Ahmedabad: The state of Gujarat is likely to witness a boost of over 600 MBBS seats from the upcoming academic year, as many new medical colleges are seeing positive responses from the apex medical regulator for the infrastructure to provide medical courses
There are around 3,950 seats in medical colleges across Gujarat at present; now with the four medical colleges, three of them new, the state’s will likely see an increase of 600 MBBS seats.
According to a recent report by TOI, this year 3 new medical colleges had applied for permission to admit medical students, with 150 MBBS seats each.
The fourth medical institute, K M Shah Medical College had applied for 150 MBBS seats in 2017 but did not get permission to begin with the academic process then. The college is reported to have now met a positive response at the MCI
Medical Dialogues had reported recently that the Medical Council of India (MCI) is currently on an inspection spree in the state to ascertain if these institutes are having adequate facilities to impart medical education or not.
Up to now, the inspection has been completed at the colleges in Chandkheda, Nadiad and Visnagar. The fourth medical college which had applied for permission to begin with MBBS admissions was in Amreli, wherein the apex medical regulator is yet to complete inspection, adds TOI.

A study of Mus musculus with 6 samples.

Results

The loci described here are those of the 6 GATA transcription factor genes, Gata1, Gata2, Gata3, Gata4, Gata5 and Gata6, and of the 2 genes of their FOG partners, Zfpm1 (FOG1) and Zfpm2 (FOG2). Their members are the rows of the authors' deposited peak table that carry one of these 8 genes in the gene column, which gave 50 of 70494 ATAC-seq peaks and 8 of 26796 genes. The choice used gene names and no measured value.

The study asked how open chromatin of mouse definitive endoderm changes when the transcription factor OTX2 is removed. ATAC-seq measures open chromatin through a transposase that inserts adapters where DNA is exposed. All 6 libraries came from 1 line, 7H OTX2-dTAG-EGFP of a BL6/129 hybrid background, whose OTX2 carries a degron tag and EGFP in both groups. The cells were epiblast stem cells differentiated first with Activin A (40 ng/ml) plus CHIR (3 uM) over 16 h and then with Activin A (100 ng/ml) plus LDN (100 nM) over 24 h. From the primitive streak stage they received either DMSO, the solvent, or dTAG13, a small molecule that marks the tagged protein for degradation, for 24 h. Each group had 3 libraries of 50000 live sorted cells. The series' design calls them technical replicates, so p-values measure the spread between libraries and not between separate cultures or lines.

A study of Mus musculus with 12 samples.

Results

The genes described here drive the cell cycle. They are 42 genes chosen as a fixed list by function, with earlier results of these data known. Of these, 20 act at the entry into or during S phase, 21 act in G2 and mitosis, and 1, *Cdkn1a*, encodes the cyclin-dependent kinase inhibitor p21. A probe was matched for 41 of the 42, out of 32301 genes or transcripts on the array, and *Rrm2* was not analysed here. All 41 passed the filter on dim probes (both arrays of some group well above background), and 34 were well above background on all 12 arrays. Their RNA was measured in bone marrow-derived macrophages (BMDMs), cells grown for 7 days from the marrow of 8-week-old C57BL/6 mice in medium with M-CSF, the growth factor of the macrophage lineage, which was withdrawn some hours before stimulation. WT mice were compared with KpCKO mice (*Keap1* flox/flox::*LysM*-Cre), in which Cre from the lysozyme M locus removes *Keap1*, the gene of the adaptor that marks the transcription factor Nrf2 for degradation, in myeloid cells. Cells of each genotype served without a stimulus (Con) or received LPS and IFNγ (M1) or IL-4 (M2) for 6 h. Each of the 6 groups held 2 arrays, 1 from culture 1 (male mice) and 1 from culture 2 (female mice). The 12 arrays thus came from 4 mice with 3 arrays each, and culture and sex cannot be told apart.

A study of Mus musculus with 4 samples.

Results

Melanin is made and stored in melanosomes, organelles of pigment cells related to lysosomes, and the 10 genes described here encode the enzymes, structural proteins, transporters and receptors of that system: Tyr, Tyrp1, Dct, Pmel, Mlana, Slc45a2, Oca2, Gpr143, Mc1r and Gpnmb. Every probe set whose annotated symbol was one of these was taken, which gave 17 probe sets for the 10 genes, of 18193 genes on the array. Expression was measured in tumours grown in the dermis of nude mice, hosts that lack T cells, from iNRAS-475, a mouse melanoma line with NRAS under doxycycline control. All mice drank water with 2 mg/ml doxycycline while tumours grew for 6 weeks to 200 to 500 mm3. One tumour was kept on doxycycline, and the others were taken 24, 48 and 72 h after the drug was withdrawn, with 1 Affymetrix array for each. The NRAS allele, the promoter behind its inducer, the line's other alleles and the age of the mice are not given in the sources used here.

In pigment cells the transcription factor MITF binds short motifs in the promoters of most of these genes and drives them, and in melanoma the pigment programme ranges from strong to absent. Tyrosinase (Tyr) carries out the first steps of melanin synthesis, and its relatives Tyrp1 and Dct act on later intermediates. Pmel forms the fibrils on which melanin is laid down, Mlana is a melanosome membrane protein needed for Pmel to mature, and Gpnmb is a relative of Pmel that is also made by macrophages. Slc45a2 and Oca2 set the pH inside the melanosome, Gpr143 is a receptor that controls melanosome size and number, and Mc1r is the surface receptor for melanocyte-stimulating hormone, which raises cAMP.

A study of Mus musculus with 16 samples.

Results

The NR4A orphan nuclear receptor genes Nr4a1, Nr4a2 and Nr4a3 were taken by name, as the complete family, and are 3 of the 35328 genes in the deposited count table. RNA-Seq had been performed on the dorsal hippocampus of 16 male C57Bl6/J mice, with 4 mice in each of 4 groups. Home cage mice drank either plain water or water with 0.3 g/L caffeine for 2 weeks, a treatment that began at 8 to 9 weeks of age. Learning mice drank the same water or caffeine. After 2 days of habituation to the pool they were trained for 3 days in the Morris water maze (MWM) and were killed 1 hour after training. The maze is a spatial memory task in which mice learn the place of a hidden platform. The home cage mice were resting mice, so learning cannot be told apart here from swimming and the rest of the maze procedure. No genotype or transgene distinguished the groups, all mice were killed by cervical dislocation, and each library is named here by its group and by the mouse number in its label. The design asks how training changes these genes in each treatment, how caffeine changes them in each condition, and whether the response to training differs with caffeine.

A few days ago, the MCI team had inspected Gujarat Medical Education and Research Society (GMERS) College at Vadnagar.
The inspection of GMERS medical colleges has been a matter of concern for a few months. The en-masse transfer of medical faculty ahead of the inspections drew a lot of controversies a few months ago. Around 252 faculty members including Professors, Assistant Professors and Associate Professors and Tutors, were transferred across government and GMERS medical colleges in Vadnagar, Himmatnagar and Junagadh that were due for a surprise inspection from MCI.
A week later, concerned with the low number of medical seats in the state, the Gujarat Health Department issued a letter to the government and GMERS medical colleges directing them to keep track of medical faculties’ duty and attendance regularly, to make sure no irregularity is reported during inspection time.
The state government had taken various initiatives in order to fill up the vacancies but to no avail, the recruitment process drew a lot of controversies, leaving the state medical colleges high and dry.
The said was apparent by the recent hiring process which drew a lot of off-putting attention since despite receiving applications from over 600 doctors for 350 vacant positions at eight hospitals run by the society, the GMERS issued only 88 appointment letters.